In 2011 Josh Sims released a coffee-table book entitled “Icons of Men’s Style.” The icons in question are not well dressed men but rather clothing items, and include such trad staples as khakis, buttondown shirts, tweed jackets and sack suits. The section on shoes includes some interesting facts about penny and tassel loafers:
The origins of the modern loafer are as much in accident as in intent. American shoe manufacturers were looking for a style that would be definitively their own, rather than effectively an import from the famed English shoemaking towns in Northamptonshire. It came during the 1930s when New Hampshire-based Spaulding marketed a soft, slip-on style of shoe it called the loafer, with everything the name implied of comfort and leisure.
Around the same time, in 1936, an employee of G.H. Bass, also an East Coast manufacturer, based in Wilton, Maine, brought a hand-sewn, moccasin-type shoe back to the company after a trip around Norway. The style was traditional to the indigenous Sami people and Scandinavian fishermen, who wore the shoes when they were not at sea, and was also associated with Native Americans, who wore rough-hewn deerskin shoes without stiff soles to aid movement – silent movement at that. These were so comfortable that they were worn by early traders – and by the end of the eighteenth century settlers in America were sending the shoes to Europe. One story has it that fishermen in Norway adopted them when Norwegian explorers returned from North America, creating a circular exchange.
Inspired by its employee’s find, Bass added a thick sole in order to make the style sturdier, dressier and suitable for the United States market, as well as what would become the design’s most celebrated aspect: a vamp saddle or strap with a cut-out, diamond-patterned slot. It called the style the Weejun, a corruption of Norwegian.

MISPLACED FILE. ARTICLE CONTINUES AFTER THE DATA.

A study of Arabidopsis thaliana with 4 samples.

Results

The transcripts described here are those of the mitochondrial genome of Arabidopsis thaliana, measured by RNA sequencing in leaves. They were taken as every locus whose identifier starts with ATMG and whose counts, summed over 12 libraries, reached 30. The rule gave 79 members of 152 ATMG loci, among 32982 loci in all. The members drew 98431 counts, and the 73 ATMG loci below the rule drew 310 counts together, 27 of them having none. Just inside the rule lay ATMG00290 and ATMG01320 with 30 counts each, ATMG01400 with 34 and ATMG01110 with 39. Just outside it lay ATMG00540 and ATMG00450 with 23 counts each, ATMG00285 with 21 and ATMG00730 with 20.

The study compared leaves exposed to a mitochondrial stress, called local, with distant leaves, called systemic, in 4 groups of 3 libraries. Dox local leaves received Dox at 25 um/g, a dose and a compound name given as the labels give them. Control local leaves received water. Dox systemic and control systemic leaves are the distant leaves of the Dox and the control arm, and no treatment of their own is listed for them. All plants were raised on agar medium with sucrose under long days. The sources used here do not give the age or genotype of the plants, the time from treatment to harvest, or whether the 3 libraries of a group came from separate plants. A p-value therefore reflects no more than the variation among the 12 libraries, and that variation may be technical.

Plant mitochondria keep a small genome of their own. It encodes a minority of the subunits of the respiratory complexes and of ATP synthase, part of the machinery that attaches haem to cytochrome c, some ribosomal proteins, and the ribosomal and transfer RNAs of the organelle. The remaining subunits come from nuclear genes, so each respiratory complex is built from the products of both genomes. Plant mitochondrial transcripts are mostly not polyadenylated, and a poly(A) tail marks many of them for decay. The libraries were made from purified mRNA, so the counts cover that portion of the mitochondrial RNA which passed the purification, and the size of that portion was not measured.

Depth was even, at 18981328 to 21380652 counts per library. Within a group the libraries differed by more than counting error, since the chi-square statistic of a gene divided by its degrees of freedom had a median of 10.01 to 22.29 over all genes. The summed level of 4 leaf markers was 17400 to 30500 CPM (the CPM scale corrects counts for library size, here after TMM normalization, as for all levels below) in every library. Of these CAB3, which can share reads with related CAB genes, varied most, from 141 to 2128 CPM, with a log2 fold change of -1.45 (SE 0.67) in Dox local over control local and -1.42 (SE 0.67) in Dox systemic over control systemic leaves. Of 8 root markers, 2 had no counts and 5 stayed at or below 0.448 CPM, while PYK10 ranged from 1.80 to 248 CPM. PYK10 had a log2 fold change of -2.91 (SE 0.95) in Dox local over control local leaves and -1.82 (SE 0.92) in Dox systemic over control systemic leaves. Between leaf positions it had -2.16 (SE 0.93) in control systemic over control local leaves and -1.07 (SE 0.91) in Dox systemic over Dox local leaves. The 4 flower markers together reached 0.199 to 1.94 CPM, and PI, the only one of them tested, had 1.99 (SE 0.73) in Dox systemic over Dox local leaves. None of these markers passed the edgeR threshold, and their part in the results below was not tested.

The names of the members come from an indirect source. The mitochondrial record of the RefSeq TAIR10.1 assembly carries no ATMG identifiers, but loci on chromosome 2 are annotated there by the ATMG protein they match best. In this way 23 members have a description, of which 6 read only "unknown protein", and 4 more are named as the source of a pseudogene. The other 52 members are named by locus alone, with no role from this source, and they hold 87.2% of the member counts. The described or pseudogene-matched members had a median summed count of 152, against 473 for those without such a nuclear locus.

The slot was intended to be a purely decorative detail. But when American college students began to wear the style – comfortable and smart, but sufficiently casual to avoid being corporate – during the period after the Second World War that saw the birth of the teenager, they slid a coin into the slot, hence the style’s nickname: the ‘penny loafer’. One company, Kerrybrooke, even produced a shoe, the Teenright Smoothie, complete with a good luck coin. Such was the loafer’s almost overnight popularity that the University of Carolina’s newspaper, The Daily Tar Heel, ran an article that asked ‘What are Bass Weejuns?’, and declared wearers of the shoes were ‘with it’. Almost inevitably, James Dean, embodiment of the 1950s teenage archetype, made loafers part of his uniform of denims and white T-shirt. Elvis Presley wore a white pair in Jailhouse Rock (1957).
The pennies were not the only flourish that added distinction to an otherwise streamlined style. In 1952 – supposedly at the request of actor Paul Lukas, star of 1938’s The Lady Vanishes and 1943’s Watch on the Rhine – US shoemakers Alden (also an East Coast company, from Massachusetts) created the tassel loafer. For them the tassel, in effect a lace that passed through the shoe’s upper and ended in a knot of leather, was not only a debonair touch; it suggested the shoe fitted so well without laces that none were required. When Brooks Brothers decided to carry the style from 1957, the loafer’s place in the preppy wardrobe was assured. Other decorations followed. US brand Sebago, for example, introduced the beef-roll – a thick tube of stitched leather at both ends of the vamp saddle. Kiltie fringes were also popular, as was the Venetian style with no vamp saddle or decoration. Gucci’s lighter-weight, status-symbol style – beloved of the likes of John Wayne and Clark Gable – replaced both slot and tassel with a snaffle bit.
Some of Sims’ other sections on American style are a bit more odd, such as this passage in the section about buttondown shirts. Well, he is from the UK. — CC
The button-down was more comfortable, more bohemian and almost avant-garde, and by 1915, along with brooks Brothers’ Number One Sack Suit, was part of wealthy collegiate life, especially at America’s East Coast educational institutions Harvard and Yale.